The Smart Cookies never refuse free money. Here’s all you need to know about how putting your money into a tax free savings account (TFSA) can have you reaping all the rewards, without the government taking their cut.
Tax Free A TFSA is a government registered savings account that allows you to contribute up to $5000 every year. The bonus is that any interest earned on that money is tax free, unlike every other type of investment. And the more you can put in as a lump sum to start, the more interest you’ll earn. So if you can, try making the largest contribution you can right at the start, rather than making 12 monthly payments.
Room to Grow If you can’t make your full contribution one year that room is never lost. Say you can only afford $2000 the first year. The next year you’d be allowed to put in the regular $5000 limit, plus the additional $3000 you didn’t contribute the year before. Or if you need to withdraw $1000 one year, the next year you’ll be allowed to put that back, on top of the yearly $5000 limit.
Goal Getters While RRSPs (Registered Retirement Savings Plan) are a great place to put your retirement savings, TFSAs are the perfect spot to put money for short to medium goals - whether it’s saving up for a down payment for a home, buying a new car, or that dream vacation. That’s because there are no restrictions to taking money out of a TFSA. You can withdraw your funds any time and for anything you want without paying any penalties, like you would with an RRSP if you take the money out before retirement.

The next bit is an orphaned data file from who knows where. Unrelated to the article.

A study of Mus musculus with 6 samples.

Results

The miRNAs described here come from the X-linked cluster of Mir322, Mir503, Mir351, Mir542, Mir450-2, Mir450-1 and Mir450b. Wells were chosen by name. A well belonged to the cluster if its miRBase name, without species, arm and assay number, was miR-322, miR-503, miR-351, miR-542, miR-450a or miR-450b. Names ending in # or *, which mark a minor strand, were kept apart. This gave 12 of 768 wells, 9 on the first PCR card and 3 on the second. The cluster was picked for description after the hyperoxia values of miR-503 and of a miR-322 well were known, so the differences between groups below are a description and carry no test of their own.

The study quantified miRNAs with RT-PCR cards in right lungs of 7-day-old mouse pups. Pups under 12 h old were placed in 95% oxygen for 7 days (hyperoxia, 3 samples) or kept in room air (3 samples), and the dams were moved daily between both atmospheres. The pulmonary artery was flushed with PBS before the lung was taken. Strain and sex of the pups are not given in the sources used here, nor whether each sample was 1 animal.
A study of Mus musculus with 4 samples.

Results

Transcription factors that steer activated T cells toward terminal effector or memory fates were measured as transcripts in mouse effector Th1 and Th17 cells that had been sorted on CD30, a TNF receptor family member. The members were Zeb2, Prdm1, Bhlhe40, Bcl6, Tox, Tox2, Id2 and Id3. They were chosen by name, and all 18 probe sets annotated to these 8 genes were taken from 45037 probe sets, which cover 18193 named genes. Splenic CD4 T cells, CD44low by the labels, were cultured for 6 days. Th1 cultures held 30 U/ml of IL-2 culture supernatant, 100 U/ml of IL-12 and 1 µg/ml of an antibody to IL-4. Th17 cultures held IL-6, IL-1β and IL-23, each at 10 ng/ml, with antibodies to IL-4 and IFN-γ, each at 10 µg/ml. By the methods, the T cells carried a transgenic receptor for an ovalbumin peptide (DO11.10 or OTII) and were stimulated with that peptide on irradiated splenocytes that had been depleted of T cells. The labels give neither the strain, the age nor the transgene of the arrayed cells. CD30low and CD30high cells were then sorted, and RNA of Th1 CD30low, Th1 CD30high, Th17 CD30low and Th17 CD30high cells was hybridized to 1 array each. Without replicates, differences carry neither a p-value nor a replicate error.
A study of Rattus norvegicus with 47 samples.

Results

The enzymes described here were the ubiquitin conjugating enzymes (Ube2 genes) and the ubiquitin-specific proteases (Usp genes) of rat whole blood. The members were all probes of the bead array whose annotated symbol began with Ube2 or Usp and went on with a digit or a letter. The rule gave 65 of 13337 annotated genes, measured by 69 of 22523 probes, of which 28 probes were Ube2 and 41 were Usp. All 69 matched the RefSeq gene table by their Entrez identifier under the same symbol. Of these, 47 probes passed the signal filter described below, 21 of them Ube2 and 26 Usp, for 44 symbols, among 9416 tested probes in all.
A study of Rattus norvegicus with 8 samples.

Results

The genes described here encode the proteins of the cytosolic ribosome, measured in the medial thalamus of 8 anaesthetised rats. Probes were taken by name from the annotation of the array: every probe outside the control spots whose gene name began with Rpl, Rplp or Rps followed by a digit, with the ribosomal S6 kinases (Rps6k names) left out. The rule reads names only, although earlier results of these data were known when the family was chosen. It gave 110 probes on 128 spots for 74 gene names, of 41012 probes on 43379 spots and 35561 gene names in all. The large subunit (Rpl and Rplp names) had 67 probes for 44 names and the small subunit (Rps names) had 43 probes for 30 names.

Not Like the Other A TFSA is also different from an RRSP in that you don’t get a tax deduction for your contribution. But when you do withdraw your TFSA funds, they aren’t counted as part of your income like an RRSP. So it won’t affect you qualifying for any income based government benefits such as the GST credit or Child Tax Benefit.
Pick and Choose The one way a TFSA is like an RRSP is that you can put your savings into the same types of investments - everything from a high interest savings account to GICs, stocks and bonds. The amount of interest you earn depends on the type of investment. But even if you only get a 3% rate of return, and put away $200 a month for 5 years, you’d earn almost $1000 of tax free interest. In a regular savings account, you’d have to pay almost $300 in taxes on that interest.
Family Affair Anyone 18 years old or older can contribute to a TFSA. If you max out your own contribution room, you can always give money to your spouse or child over 18 to put into their own TFSA. Since the interest earned is tax free, there’s no penalty to you.